Another thing you need to know is I am 72, a female, an educator and a mother and grandmother. But most importantly, I am a blogger and have been for about 8 years now. Blogging has been my learning passion and I write about what I do. Travel, golf, snowbird life, small space living and grandparenting. As I write I learn and that is what my retirement is all about.
It is common knowledge now that continuing to learn is one of the biggest contributors to a happy retirement. It has been my saving grace. The thing is though, some of the most useful things I have learned did not come from some guru's mouth. Common sense has always been the best teacher. No matter your age, these lessons can be valuable:
- The guru did not tell me that not thinking or talking about my health is the best healer of all. I do what I need to do (get my physical, take my medications, etc.) but I do not think about how I feel. When I begin to fret about aches and pains, I always count my blessings. It works better than pain pills.
- Most of the things I know I have learned in my garden not from a book. Just the right amount of rich soil, water, nutrition and sunshine makes for beautiful blossoms. A well balanced life is a quality life...oh and I drink a little wine too.
- I used to be the Cliff Clavin of the retirement set. Just because I know something does not mean I need to share that knowledge. I should NOT pretend to be a guru. It was not good. Talking less and listening more makes for deeper friendships and a loving marriage. This one is still hard for me but I practice those skills and I am getting better.
- Getting to know myself and what I cannot tolerate has been an eye opener for me. I always thought I was very broad minded and accepting. But just because I am very liberal does not make me a good person. I have had to learn about living close to people very unlike myself and it has been a good thing.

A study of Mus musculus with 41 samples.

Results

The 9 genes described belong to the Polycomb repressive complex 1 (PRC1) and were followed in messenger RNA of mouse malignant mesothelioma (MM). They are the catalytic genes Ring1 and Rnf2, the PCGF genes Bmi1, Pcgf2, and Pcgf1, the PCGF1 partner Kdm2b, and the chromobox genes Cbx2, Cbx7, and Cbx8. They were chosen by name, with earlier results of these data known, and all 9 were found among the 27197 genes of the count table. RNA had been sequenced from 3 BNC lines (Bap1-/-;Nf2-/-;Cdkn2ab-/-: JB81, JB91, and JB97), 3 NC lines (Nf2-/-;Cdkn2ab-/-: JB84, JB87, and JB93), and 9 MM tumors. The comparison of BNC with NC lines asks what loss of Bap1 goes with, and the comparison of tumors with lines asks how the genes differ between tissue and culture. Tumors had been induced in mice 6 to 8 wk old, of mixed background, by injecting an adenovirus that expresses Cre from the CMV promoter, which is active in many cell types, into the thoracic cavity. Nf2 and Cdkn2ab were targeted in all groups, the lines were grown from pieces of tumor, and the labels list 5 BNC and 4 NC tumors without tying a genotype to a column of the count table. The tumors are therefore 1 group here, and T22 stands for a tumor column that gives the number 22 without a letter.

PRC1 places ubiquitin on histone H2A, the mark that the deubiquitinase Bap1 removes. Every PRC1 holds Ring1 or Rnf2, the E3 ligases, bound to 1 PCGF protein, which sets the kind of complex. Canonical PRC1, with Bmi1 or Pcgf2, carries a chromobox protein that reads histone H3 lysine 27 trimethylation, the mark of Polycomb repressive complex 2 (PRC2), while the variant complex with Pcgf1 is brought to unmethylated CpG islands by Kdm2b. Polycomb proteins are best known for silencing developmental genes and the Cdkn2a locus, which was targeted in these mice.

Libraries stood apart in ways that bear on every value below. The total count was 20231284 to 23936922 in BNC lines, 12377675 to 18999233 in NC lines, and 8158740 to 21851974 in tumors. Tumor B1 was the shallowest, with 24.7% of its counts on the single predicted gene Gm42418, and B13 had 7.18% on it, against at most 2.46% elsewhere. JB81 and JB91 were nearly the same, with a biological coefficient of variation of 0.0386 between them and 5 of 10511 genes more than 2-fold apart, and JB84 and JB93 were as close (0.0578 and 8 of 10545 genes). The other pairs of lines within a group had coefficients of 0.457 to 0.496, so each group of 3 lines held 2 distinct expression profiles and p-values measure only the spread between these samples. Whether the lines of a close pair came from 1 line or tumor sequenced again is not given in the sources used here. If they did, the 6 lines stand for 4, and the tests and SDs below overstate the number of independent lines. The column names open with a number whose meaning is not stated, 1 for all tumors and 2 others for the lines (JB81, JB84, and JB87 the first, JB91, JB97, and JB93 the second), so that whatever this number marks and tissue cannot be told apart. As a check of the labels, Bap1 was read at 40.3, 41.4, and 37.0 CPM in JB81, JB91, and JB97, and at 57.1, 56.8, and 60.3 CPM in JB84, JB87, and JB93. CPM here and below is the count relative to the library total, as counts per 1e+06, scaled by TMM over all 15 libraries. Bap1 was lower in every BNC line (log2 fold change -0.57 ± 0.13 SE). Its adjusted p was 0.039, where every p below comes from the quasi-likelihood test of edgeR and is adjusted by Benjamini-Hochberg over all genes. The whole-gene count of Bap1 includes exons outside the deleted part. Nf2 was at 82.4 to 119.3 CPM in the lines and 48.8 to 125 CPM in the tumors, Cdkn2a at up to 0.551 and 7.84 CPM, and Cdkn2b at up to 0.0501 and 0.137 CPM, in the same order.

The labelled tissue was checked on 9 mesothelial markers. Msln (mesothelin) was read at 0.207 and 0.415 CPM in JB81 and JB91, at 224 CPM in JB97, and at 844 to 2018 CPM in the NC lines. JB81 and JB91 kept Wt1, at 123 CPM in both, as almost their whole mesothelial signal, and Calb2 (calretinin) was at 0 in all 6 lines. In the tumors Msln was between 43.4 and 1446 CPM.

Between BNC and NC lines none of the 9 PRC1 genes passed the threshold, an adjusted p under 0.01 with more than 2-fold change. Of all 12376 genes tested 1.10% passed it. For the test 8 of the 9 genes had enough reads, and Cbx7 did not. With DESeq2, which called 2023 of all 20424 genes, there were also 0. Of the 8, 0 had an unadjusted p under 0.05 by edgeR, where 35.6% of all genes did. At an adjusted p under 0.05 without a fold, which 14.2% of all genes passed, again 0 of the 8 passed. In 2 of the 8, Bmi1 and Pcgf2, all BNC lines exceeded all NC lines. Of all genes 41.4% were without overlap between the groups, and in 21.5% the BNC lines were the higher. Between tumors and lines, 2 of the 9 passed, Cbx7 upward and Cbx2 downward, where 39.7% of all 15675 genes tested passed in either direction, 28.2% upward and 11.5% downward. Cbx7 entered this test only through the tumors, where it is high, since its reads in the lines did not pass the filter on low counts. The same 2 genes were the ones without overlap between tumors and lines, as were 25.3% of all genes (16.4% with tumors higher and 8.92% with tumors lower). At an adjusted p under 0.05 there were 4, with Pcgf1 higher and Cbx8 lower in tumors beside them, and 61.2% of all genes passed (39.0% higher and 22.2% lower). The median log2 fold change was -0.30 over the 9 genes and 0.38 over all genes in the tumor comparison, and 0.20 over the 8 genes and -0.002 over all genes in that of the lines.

- When I visit the 50+ women's websites I have noticed that a lot of their worries are about how they look. I probably did that too when I was 50. Many gurus have recommendations for younger looking whatever. Honestly it is not the image in the mirror that damages me so much as it is the image of myself I hold in my mind. Old does not equal ugly at all. In fact, some of the most beautiful people I have ever known about were not young. I give you Katherine Hepburn as an example.
- Working hard is the best exercise I can get. In my younger years I walked miles, joined exercise classes and swam. I would not change that. But now I know that I can also dig in my garden, clean my floors or help with grandchildren and I get a very good work out.
- Learning to give up control was just common sense too. But it needed to be pointed out to me before I actually could understand what that could mean for me. My children and grandchildren are people I love but I am not responsible for them and they do not want my input...not even a little bit. Learning this lesson has taken a load off my shoulders and off theirs too I think. I wish I had figured this out when I was 50!
- Sleeping is not as important as I thought it was. I like to sleep but if I don't, life goes on normally. My body knows what it is doing and so I need to trust it. If I had know about #7 I would have slept better long before now. Darn.
- It was hard for me to learn to stay away from my family for very long. (see #7) But, because my husband and I became snowbirds, our family is closer emotionally and we have lots of fun when we are together. This has been true at both ends of my life. Breaking away from my parents when I was first married was difficult but it made for a happier marriage.
- Retiring with my husband did not mean that he wanted to spend every day with me. In fact, I have learned that I don't want to spend 24/7 with him either. He golfs a lot and I do what I want while he is gone. I think even newlyweds can benefits from this lesson.
I had no idea how long this list would be when I began. I am even surprised at the way becoming wiser has change my perspective on life. Interesting don't you think?